Planting Seeds

Planting Seeds

Planting Seeds: Empowering our Children with Ways to Protect the Environment while Cultivating the Earth

Tuesday, April 25, 2006

The Differences We Can All Make if We Only Try...

I can’t believe that the semester is almost over. It seems like the time has flown by, but it is wonderful to look back and see all that has been accomplished since January. I feel that we have truly planted the seeds, which we are seeing blossom as spring emerges. The growth that the Planting Seeds project has taken truly amazes me and I am quite thrilled with all the hard work we have all contributed to make this possible.

I found the readings for last week, Nexus: Small Worlds and the Groundbreaking Theory or Networks by Mark Buchanan and Tipping Point: How Little Things Can Make a Big Difference by Malcom Gladwell both to be very interesting. This can be partially attributed to the fact that as a psychology major, I had studied some of these theories and cases such as that of Kitty Genoveve, the young Queens woman who was brutally murdered while thirty-eight neighbors watched and did nothing. Gladwell explains how this could have possibly happened using a fairly simple, but rather unique explanation “When people are in a group, in other words, responsibility for acting is diffused.” Despite the shocking nature of this statement, it is entirely true – seen in countless examples of everyday life. Buchanan explains how such a tragedy can happen using Mark Granovetter’s idea of every human being needing a threshold, “where the perceived benefits to an individual of doing the thing in question exceed the perceived costs.” It is true that in the society we live in today, everyone is trying to get ahead and “do better” than those around them.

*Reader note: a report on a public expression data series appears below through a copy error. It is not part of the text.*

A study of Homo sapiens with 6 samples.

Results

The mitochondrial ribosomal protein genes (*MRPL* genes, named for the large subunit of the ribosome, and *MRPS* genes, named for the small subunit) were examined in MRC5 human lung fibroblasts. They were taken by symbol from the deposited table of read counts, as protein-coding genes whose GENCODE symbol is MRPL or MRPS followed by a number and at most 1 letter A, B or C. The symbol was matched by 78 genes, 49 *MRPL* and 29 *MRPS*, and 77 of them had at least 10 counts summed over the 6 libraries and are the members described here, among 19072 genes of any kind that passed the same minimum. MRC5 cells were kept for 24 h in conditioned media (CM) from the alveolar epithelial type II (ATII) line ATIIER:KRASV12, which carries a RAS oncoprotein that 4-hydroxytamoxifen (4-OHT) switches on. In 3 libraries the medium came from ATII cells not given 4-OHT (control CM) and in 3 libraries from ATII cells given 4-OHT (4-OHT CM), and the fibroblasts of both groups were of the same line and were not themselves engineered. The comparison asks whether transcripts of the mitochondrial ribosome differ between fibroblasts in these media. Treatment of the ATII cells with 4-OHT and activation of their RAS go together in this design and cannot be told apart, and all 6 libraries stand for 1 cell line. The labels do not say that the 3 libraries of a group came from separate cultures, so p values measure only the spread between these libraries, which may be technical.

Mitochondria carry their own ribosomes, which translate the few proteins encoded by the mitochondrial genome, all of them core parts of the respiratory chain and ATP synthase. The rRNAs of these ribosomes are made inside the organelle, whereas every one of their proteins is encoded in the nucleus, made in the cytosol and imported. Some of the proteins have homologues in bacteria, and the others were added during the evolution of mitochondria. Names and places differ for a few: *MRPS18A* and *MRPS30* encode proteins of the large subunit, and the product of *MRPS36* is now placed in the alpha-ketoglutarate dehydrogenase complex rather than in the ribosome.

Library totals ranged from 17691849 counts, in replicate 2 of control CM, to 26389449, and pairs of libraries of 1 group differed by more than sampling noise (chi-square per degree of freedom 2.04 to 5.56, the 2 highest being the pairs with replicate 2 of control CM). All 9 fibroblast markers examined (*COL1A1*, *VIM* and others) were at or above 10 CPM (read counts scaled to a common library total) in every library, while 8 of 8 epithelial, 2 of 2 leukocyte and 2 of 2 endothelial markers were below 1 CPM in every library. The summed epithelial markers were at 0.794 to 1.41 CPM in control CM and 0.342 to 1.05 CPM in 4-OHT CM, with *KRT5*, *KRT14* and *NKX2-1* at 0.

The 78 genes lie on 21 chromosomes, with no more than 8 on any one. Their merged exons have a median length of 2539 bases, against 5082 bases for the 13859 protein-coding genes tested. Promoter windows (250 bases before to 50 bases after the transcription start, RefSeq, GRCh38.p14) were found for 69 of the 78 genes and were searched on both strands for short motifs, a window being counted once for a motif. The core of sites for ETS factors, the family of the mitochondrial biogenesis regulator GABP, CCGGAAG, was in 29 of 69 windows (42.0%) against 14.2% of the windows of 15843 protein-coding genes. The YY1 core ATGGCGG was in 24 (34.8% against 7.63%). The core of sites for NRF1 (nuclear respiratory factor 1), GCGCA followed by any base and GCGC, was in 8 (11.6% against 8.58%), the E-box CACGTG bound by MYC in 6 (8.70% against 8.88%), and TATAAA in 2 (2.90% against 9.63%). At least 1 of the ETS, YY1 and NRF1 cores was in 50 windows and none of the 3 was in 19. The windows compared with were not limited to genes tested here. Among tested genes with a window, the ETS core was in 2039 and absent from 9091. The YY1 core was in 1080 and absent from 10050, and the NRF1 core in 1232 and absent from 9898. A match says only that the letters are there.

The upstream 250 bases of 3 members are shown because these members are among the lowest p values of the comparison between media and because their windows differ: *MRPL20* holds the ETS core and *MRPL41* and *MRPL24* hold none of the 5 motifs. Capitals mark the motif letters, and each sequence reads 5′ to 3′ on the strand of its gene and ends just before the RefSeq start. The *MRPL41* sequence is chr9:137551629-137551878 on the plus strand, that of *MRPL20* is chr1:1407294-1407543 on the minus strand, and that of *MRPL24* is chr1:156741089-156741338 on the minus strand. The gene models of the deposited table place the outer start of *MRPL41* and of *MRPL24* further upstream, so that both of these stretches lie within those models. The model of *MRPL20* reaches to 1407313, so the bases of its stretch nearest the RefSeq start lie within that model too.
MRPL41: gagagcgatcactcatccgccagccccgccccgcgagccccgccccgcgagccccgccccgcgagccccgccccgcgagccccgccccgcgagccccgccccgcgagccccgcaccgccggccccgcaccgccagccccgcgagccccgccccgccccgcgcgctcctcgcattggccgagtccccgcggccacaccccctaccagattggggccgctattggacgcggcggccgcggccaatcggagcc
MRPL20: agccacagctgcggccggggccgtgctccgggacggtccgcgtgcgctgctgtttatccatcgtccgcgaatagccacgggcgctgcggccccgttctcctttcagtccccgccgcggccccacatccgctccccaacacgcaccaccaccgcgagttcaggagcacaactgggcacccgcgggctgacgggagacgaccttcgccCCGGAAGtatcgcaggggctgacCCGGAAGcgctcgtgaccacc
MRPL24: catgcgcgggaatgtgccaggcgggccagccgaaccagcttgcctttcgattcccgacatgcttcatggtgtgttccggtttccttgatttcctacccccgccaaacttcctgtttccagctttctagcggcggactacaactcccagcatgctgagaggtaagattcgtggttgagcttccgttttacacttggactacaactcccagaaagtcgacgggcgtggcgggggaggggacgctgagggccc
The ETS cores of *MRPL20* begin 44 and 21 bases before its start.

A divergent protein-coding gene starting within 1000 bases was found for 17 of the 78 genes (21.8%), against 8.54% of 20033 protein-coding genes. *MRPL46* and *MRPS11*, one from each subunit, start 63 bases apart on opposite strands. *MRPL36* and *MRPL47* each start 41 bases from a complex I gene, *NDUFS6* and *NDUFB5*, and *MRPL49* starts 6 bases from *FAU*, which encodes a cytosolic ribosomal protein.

We live in an environment where competition to be the best has often cost individuals their titles, as greed and power redefine the scope of what many consider lawful. However this desire to be better has also created countless benefits to our society that we would not be able to experience if this desire to always be achieving more did not exist. Gladwell says in his conclusion, “In the end, Tipping Points are a reaffirmation of the potential for change and the power of intelligent action. Look at the world around you. It may seem like an immovable, implacable place. It is not. With the slightest push – in just the right place – it can be tipped” certainly a powerful message to leave with his reader. I found Gladwell’s comments to be extremely illuminating, causing me to question what I taken for granted or assumed throughout my course of study in psychology. Once I have completed my other assignments, I look forward to reading the other chapters in his book and gaining an ever greater insight into Gladwell’s theories and logic.